U.S. Army bringing military vehicle technology, muscle to 2011 event

That exhibitor: the U.S. Army. Of course.

The Army has had a presence at the Chicago Auto Show for a number of years and views the event as an excellent opportunity to showcase Soldiers, equipment and the many opportunities for service the Army provides.

This year, the Army’s Research, Development and Engineering Command is supporting the show with a selection of vehicles from its Tank Automotive Research, Development and Engineering Center (TARDEC) in Detroit. Those vehicles – which all illustrate how today’s Army is the best trained and equipped Army there has ever been – include:

Future Tactical Truck System (FTTS) – An Army “concept truck,” FTTS showcases a number of technologies in the field now or being considered including Hybrid drive, four-wheel steering and integrated armor. FTTS was developed in cooperation with International Truck and Engine Corporation.

Clandestine Extended Range Vehicle (CERV) – CERV is a lightweight, diesel-electric hybrid prototype with a top speed 80 mph. Designed for reconnaissance, targeting and rescue missions, CERV also has silent run capability and is one of the Army’s “greenest” vehicles. CERV was developed in partnership with California-based Quantum Technologies.

International Truck and Engine Corporation MXT-MV – Currently being tested in a number of arenas, including with Michigan National Guard, MXT-MV represents a potential new entry between the Humvee and Mine Resistant Ambush Protected (MRAP) vehicles.

CERV and MXT-MV are collaborative programs from TARDEC’s National Automotive Center (NAC). In 1993, the Secretary of the Army chartered the NAC with a mission to serve as the Army focal point for the development of dual-use automotive technologies and their applications to military groundvehicles. The NAC’s principal focus is on facilitating joint efforts between industry, government and academia in basic research, collaboration, technology, industrial base development and professional development. NAC works closely with TARDEC staff to support the needs of Soldiers.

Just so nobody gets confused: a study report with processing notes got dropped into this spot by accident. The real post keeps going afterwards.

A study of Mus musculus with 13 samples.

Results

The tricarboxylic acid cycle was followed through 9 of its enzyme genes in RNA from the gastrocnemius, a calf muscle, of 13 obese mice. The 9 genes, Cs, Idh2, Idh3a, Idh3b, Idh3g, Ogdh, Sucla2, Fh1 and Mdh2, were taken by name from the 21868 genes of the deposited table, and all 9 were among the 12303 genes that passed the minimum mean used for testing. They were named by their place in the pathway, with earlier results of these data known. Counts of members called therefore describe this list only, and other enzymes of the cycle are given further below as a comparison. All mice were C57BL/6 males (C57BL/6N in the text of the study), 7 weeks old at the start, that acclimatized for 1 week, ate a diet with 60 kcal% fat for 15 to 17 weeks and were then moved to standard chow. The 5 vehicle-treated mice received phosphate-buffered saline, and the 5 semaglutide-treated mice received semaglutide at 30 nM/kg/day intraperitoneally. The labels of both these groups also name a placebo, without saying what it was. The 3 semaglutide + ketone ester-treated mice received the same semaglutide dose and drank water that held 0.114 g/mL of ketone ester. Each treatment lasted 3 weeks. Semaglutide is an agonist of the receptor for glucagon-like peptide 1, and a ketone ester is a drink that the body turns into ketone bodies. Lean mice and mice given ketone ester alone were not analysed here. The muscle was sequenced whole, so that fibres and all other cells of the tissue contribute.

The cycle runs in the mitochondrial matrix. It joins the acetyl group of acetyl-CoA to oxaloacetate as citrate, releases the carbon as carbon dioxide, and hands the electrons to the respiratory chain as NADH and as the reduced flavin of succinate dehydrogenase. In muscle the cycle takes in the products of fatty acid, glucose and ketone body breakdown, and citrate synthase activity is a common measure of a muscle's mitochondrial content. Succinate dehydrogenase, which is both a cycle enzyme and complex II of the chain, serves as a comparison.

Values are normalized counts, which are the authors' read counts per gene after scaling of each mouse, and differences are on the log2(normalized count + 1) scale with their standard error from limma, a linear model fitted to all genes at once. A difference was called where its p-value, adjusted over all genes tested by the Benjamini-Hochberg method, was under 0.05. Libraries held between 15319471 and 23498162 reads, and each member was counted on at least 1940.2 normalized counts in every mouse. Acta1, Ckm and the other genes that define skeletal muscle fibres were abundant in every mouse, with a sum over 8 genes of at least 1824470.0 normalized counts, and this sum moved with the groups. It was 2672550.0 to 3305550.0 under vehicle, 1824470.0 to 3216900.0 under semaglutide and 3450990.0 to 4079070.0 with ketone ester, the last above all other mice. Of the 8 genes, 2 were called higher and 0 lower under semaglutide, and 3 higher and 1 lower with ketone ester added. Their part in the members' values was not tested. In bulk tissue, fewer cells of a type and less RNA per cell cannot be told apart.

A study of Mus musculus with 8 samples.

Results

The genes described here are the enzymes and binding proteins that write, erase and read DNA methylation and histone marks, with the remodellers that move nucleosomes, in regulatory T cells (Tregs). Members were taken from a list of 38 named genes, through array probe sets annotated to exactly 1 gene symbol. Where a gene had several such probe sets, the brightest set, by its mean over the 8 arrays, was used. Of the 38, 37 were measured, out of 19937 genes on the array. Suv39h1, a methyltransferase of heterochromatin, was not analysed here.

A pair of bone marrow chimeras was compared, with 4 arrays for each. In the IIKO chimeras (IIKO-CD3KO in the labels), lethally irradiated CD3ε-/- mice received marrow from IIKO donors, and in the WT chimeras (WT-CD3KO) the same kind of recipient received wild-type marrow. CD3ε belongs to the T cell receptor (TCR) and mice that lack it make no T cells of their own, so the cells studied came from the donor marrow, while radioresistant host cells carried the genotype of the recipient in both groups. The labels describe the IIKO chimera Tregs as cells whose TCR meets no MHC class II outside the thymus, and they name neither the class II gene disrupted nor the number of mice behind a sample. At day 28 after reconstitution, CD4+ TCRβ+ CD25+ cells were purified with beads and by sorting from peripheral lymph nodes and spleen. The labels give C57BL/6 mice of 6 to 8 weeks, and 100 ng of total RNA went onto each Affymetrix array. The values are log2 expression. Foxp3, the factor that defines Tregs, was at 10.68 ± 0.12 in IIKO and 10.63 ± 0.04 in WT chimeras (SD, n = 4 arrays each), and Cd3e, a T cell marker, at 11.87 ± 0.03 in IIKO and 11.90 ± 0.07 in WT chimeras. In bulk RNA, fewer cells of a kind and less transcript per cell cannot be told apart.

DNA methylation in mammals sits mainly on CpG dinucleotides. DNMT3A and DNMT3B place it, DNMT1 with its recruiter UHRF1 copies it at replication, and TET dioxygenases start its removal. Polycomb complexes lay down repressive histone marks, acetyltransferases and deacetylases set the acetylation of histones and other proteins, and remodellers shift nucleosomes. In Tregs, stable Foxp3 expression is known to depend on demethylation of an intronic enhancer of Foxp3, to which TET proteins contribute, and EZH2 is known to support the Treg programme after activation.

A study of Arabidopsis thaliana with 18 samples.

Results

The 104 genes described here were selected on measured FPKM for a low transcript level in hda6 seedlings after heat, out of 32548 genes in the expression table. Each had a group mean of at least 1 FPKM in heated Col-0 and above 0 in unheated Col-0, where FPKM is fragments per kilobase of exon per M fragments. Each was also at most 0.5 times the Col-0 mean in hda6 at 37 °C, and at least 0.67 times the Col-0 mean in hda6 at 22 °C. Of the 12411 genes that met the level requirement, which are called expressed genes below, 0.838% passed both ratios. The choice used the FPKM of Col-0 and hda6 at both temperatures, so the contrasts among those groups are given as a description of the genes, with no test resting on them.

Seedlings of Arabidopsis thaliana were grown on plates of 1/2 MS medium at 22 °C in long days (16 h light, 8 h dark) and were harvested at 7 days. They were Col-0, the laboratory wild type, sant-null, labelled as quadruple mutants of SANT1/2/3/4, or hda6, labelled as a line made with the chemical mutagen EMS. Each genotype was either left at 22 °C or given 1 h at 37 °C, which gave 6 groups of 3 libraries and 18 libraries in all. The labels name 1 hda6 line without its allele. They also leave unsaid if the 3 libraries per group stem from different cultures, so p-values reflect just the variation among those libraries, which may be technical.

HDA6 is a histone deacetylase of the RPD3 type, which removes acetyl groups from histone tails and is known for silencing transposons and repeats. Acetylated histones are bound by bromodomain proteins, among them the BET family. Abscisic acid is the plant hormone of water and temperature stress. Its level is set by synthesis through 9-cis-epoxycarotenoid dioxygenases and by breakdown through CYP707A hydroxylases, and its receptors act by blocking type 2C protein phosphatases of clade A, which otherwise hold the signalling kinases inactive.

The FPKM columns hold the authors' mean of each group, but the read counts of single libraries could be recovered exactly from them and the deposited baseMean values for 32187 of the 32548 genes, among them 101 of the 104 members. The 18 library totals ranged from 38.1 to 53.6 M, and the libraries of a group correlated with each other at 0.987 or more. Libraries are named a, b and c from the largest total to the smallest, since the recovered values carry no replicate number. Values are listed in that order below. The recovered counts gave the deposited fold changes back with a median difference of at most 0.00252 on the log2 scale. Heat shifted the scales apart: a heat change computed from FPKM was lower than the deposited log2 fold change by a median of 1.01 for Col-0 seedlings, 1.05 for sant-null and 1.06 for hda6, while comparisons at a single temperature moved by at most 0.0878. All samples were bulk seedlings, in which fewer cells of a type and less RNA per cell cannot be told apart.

“TARDEC’s mission is to continue to provide the newest innovations and technology that will support the warfighter against an ever-evolving and changing enemy threat,” explains Derhun Sanders, TARDEC Corporate Outreach director.

The Chicago Auto Show is the largest on the continent, spanning over one million square feet of production, concept, and exotic vehicle exhibit space. In addition to hosting multiple world and North American vehicle debuts, the Chicago Auto Show’s First Look for Charity raises nearly $2 million annually for 18 worthy Chicago organizations in a single night. The 2011 public show will be held from Feb. 11–20, 2011. For more information, visit or

Headquartered at the U.S. Army Detroit Arsenal in Warren, MI, TARDEC is the Nation’s laboratory for advanced military automotive technology and serves as the Ground Systems Integrator for all Department of Defense (DOD) manned and unmanned ground vehicle systems. With roots dating back to the World War II era, TARDEC is a full life-cycle, systems engineering support provider-of-first-choice for all DOD ground combat and combat support weapons, equipment and vehicle systems. TARDEC develops and integrates the right technology solutions to improve Current Force effectiveness and provides superior capabilities for Future Force integration. TARDEC’s technical, scientific and engineering staff lead cutting-edge research and development in Ground Systems Survivability; Power and Mobility; Ground Vehicle Robotics; Force Projection; and Vehicle Electronics and Architecture.